Melbourne-based Clean TeQ teams up with UAC and Deakin University to develop aluminium-scandium alloys for aerospace
Clean TeQ Holdings Limited has partnered with Universal Alloy Corporation (UAC) and Deakin University’s Institute for Frontiers Materials to study and promote the use of scandium in current and new aluminium alloys.
Clean TeQ Metals General Manager John Carr said the collaboration is focusing on developing the next generation of lightweight solutions for the commercial aerospace industry.
He said a critical objective of the research was to identify the optimum scandium content to allow rapid and broad-based adoption of aluminium-scandium alloy components in lighter, more fuel-efficient commercial aircraft.
“The beneficial effects of scandium in aluminium alloys are well known: scandium provides outstanding strength, ductility, heat stability and corrosion-resistance. However, these benefits must be provided at affordable cost to pave the way for wide-scale adoption of aluminium-scandium alloys in commercial aerospace,” Mr Carr said.
“Collaborating with UAC and Deakin is a significant step forward in demonstrating the substantial added value of aluminium-scandium alloys in aerospace applications UAC has unique understanding of the end users’ requirements while Deakin’s expertise is invaluable in identifying optimal metal compositions to meet those requirements.”
Deakin University’s Institute for Frontier Materials (IFM) – widely considered to be one of Australia’s leading materials research organisation – focuses its research on innovation and development of materials science and engineering, with a goal to commercialise new and cost-efficient manufacturing technology.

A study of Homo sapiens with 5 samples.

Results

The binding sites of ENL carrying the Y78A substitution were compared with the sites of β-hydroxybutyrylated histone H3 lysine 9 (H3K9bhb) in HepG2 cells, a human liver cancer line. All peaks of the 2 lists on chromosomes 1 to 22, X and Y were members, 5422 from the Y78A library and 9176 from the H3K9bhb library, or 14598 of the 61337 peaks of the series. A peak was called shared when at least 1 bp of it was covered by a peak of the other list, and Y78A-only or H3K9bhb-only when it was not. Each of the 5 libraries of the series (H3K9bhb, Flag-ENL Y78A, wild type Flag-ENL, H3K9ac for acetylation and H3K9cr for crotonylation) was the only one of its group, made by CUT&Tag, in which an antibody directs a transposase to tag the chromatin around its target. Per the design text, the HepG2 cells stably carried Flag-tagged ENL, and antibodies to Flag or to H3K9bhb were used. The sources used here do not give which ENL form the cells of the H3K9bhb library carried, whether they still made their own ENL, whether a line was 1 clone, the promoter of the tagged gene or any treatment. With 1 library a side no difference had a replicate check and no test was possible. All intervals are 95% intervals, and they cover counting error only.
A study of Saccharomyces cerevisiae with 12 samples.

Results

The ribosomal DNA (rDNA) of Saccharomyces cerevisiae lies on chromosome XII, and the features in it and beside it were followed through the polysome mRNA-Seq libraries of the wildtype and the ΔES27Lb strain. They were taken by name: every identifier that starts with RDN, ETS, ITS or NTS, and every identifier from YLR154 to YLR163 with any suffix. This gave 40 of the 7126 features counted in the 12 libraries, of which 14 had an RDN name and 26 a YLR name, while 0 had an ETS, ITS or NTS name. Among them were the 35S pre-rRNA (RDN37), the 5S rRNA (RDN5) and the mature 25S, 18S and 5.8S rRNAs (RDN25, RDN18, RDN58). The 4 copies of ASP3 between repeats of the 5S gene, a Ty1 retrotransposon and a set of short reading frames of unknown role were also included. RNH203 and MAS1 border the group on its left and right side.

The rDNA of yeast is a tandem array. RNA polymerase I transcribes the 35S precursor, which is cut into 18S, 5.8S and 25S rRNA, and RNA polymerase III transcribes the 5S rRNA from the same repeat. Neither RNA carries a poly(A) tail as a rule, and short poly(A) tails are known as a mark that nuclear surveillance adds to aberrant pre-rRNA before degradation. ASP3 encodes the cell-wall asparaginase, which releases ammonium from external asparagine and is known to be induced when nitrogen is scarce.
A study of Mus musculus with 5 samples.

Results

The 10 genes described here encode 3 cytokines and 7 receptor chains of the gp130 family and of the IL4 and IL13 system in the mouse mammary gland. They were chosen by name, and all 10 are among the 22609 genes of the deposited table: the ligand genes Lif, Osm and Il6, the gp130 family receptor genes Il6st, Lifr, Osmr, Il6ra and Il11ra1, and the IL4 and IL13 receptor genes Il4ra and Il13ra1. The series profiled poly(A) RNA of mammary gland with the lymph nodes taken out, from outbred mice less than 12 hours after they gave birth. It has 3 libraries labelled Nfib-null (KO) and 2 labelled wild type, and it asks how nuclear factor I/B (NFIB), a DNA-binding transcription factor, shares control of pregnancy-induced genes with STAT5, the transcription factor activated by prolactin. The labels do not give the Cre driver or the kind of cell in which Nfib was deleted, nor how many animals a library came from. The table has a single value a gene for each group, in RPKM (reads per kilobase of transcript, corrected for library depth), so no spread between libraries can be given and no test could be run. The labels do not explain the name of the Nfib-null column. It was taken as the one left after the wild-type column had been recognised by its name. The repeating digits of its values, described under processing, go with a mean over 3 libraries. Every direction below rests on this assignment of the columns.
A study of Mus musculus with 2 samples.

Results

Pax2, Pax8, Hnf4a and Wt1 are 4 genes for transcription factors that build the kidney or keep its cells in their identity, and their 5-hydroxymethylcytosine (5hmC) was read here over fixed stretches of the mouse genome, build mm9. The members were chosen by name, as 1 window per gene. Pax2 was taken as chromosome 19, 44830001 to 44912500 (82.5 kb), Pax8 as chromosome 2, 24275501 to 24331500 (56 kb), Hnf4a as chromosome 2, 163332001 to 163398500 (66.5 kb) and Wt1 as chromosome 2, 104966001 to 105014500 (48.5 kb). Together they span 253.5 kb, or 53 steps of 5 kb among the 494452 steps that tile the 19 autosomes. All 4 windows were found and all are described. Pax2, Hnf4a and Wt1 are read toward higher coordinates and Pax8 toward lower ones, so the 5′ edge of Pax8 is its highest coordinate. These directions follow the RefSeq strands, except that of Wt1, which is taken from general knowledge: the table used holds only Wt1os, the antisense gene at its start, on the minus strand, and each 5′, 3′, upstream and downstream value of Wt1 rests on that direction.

Deakin Metallurgist, Dr Thomas Dorin, said work will be carried out at Deakin’s world-class research facilities in Waurn Ponds, Victoria and UAC’s production facilities in Canton, Georgia.
“The institute for Frontier Materials has an extensive array of hot processing equipment including Australia’s largest research extrusion press, as well as extensive advanced atomic-scale characterisation instruments,” Mr Dorin added.
“IFM’s range of experimental apparatus and research skill sets provides ideal environment for the successful development of the next generation of aeronautic aluminium-scandium alloys.”
Headquartered in the USA, UAC is a leading supplier of extruded alloy aerospace components with a vertically integrated manufacturing process incorporating casing, extrusion, machining, surface treatment, kitting, and assembly.
The company’s R&D Director Victor Dangerfield said the partnership builds on an earlier collaboration with Deakin which focused on the development of other alloy projects.
“We’ve been interested in scandium for a long time, however, there has never been a reliable and affordable source of scandium at the scale we need,” Mr Dangerfield said.
“When a functional supply chain for scandium raw materials is established through the development of the Syerston Project, UAC wants to be ready to supply the commercial aerospace sector with a range of lightweighting solutions that aluminium-scandium alloys are likely to offer.”